I picked this book up at random during last year’s crime festival so that I had a book I could get signed. I chose it mainly because it wasn’t a Tony Hill novel and I think I’ve read most of those, plus it was based in Oxford and I’d spent a bit of the year working there so it was interesting to read about a place I’d visited.
I’m a big fan of Val McDermid books, and whilst I don’t think this was her best it was certainly a compelling read. The story focuses on Charlie Flint who was a psychiatrist but when a profile she did lead to a man being released and committing further crimes she is suspended. Bored and wanting to prove she is still good at her job she is sent a package which shows details of a murder at an Oxford wedding involving her old tutor. Charlie decides to visit Oxford and ends up being asked to investigate her old tutor’s daughter’s husband’s murder, which she blames her daughter’s new lover for. Charlie is happy to visit Oxford as despite being apparently happy with her partner Maria, she is thinking about having an affair with Lisa.
It all sounds very complicated and to be fair it does get a bit confusing keeping track of all the different women who seem to be interlinked but the story itself is, as to be expected, well written and draws you in to the murky world of Oxford Universities. I can’t say I particularly warmed to any of the characters. Charlie seemed incredibly selfish and self absorbed. The main suspect for the murder was Jay, who comes across as very cold and manipulating. One bit I did like was the way Jay’s background is explored as she writes another ‘misery’ memoir which is set against Charlie’s investigations into the same incidents, which I found an interesting trick.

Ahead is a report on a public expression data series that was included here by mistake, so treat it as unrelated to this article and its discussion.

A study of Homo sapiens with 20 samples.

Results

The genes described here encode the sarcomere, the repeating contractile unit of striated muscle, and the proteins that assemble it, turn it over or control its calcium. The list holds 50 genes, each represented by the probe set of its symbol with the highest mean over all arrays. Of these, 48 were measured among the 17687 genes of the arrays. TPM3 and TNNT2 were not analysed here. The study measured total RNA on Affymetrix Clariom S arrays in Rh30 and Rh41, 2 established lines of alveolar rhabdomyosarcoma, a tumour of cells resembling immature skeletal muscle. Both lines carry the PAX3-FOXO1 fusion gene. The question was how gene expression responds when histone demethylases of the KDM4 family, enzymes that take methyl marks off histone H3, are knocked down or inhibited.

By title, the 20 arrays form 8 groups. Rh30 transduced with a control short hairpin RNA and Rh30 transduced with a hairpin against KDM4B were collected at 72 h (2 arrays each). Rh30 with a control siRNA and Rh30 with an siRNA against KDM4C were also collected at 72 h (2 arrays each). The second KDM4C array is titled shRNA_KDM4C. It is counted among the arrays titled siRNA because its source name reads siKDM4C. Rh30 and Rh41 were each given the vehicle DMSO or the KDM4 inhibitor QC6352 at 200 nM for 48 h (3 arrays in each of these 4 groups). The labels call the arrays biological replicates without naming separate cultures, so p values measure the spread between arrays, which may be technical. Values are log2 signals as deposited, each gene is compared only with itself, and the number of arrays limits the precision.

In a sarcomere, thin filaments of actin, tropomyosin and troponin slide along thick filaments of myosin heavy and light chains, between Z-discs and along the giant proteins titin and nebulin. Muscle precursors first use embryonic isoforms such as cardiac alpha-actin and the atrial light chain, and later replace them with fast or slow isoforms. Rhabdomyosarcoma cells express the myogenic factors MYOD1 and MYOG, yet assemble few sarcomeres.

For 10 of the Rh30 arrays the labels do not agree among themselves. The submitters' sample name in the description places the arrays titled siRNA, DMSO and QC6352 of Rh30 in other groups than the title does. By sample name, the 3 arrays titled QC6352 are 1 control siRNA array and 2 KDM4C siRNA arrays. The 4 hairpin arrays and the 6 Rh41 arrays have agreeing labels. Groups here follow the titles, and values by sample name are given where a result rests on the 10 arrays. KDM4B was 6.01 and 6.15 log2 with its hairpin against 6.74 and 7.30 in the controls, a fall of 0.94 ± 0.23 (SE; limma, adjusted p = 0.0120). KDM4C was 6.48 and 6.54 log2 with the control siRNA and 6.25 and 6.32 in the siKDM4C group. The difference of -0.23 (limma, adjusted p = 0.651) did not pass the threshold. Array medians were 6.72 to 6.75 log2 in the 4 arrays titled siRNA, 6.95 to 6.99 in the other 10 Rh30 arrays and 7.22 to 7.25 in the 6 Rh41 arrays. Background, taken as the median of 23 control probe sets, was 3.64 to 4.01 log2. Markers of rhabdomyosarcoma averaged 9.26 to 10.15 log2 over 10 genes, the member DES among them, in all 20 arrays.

I think it’s always difficult to read a book like this which is essentially a standalone novel, if you have enjoyed the writers main series. For fans of Tony Hill and the Kate Brannigan expecting more of the same then this may be a disappointment as its lacks the graphic punch that her previous novels have. However if it’s taken purely on a standalone merit then I think it is good. The perpetrator is relatively easy to guess (although I suspect that’s more to do with the amount of books I read which makes plot devices easier to spot rather than it being a problem with the story) and bits of the story seem a little far fetched, but then its fiction and that’s kind of the point!
If someone has never read a Val McDermid book then I wouldn’t say this is a good point to start, however if someone likes their mysteries to be more character lead than crime riddled, it’s worth a read.